It occurred to me that I hardly need to introduce Lisa Heidke to followers of this blog, who I know are pretty passionate readers of contemporary women's fiction. Lisa is the popular author of LUCY SPRINGER GETS EVEN, WHAT KATE DID NEXT, CLAUDIA'S BIG BREAK and STELLA MAKES GOOD – books she is proud to call 'chick-lit'. Lisa and I met online – not the way you're thinking (you can read more about such things below) – but in the way many authors meet each other these days, via our social platforms. But we did eventually get to meet in person, and bonded over everything we had in common – especially our love of women's fiction and our struggles writing it! I discovered Lisa is as funny as her books, and I'm thrilled to welcome her to my blog today to discuss her long-awaited new novel, IT STARTED WITH A KISS.
So, it’s been a while between drinks, Lisa! I have seen your fans on social media hounding you for your next book, so I’ll ask for them, what took you so long?
Short answer? A couple of false starts … The longer answer? I wrote a manuscript that I love about two sisters on the professional tennis circuit. It’s got travel, romance, suspense, and intense drama between the siblings as they navigate their professional and private lives in the public arena. Unfortunately, [my publisher] Allen & Unwin, didn’t think it was quite the right fit for them so I started writing IT STARTED WITH A KISS. Coupled with my oldest son doing the HSC in 2013 and A&U pushing the publication date back, yes, you could say it’s been a long journey getting novel number five ‘out there’. But I am so pleased it is!
So you’re saying you haven’t exactly been sitting on your hands. :) I think readers don’t always realise that the publishing process is often long and arduous, and completely out of the author’s control. Good for you for persevering and producing a whole brand new novel, which I enjoyed immensely! What was your inspiration, the spark that fired IT STARTED WITH A KISS?
I have friends whose marriages and long term relationships have fallen apart and suddenly they find themselves alone and lonely. How do they meet people? Quite a few sign on to dating sites – RSVP, e-harmony etc. And I thought this would be a fascinating premise for a novel. I interviewed friends and am enthralled by the concept – how internet dating works (and often doesn’t!), the successes and the horror stories. I also poked around a few dating websites … eye-opening. It’s amazing how much personal information people will reveal to complete strangers, along with sharing photos taken back in the 90s when they had a full head of hair and looked twenty-five. What happens if they make it as far as actually meeting up with their potential love interest? I had a great time writing IT STARTED WITH A KISS, but I wouldn’t like to be Friday!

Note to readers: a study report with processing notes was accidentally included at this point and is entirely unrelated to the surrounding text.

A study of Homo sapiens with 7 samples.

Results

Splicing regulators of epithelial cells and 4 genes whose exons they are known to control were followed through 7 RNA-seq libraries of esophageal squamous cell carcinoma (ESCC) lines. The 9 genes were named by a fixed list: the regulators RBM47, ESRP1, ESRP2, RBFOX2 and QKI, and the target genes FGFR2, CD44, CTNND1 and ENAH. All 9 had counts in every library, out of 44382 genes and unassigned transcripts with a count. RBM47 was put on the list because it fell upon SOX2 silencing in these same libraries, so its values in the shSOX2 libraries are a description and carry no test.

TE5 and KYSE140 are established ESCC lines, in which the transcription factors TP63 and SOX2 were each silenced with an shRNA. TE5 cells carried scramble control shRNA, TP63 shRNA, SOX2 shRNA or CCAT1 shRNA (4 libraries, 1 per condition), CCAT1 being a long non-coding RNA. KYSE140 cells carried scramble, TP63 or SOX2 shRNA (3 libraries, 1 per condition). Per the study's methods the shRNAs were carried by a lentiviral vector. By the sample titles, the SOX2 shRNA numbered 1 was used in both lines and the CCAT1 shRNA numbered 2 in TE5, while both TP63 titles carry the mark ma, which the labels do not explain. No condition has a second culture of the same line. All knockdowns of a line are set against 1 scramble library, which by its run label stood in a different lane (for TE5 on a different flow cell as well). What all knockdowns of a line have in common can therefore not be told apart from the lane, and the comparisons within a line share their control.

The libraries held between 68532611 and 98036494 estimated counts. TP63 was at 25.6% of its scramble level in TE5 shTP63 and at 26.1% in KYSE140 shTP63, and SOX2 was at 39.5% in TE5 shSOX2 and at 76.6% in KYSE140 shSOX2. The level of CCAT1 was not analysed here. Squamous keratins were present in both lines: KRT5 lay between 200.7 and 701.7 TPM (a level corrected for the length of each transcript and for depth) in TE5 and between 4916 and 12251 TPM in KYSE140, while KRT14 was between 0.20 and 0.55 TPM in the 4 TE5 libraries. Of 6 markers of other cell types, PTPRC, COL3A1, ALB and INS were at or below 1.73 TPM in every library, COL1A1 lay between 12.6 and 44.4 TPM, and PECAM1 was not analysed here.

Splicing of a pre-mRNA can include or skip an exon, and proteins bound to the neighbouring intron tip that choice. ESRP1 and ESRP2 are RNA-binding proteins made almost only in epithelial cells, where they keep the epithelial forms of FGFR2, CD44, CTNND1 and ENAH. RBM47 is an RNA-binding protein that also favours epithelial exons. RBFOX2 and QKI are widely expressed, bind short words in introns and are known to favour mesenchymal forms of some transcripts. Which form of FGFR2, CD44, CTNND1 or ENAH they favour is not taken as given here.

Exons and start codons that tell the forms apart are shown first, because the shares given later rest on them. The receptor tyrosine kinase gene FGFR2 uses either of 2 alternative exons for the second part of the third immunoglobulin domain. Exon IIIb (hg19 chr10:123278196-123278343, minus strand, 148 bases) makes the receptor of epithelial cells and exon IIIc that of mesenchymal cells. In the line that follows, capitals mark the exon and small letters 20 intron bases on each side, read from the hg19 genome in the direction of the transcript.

Why not? I'd certainly like to have her name - what a great name for a heroine!
Thanks, Di. I’m rather fond of Friday’s name too! I don’t want to be Friday because she’s going through a tough time personally and professionally. Her career as a naturopath got sidelined to raise a family and then, when her husband leaves her, Friday flounders, not knowing what to do with herself. Her self-esteem is at an all time low and she makes things worse by having an ill-fated fling with a married man. I felt sorry for her as I wrote her character but still, I kept adding to the conflict and tension …
The grist of any good story! We writers are so mean to our poor characters. And yes, thrusting Friday into the realm of internet dating was particularly cruel. So tell us about your research – what’s your opinion of internet dating now?
Inevitable. Is that the right word? Because if you’ve just come out of a long-term relationship and all your friends are couples, how do you meet potential partners, especially if you’re a stay-at-home mum, working alone or employed in a small business? If you’re actively involved in the church, gym or some other activity, such as a cycling or movie club, you might meet someone … but what are your other options? (Other than badgering your friends about ANY single non-loser friends, brothers, and acquaintances they might have.) Generally, older, single women aren’t going to go to bars or clubs by themselves; it’s far safer to flick through potential candidates on a computer in the privacy of your own home. Does that sound depressing? I don’t mean it to be – and I certainly didn’t set out to write about internet dating, but the more I spoke to women the more I realised that this was the norm, especially for woman between the ages of 25 and 45, who were looking companionship – at the very least.
No, it doesn’t sound depressing, you sound like you’re a convert! You certainly cover the range of possibilities of internet dating – the good, the bad, and the ugly. But, without giving spoilers away, Friday’s biggest problems come from rather unexpected places. The twists and turns at the end of the book are surprising and even shocking at times, and really well-handled, Lisa. Congratulations!
Thanks, Di. I had a lot of fun writing Friday’s story. I really hope she resonates with readers. Just one final point – my internet dating days are over but I have quite a few friends who have found true love on these sites!
Lucky them! Thanks so much for your time, Lisa, it was great chatting.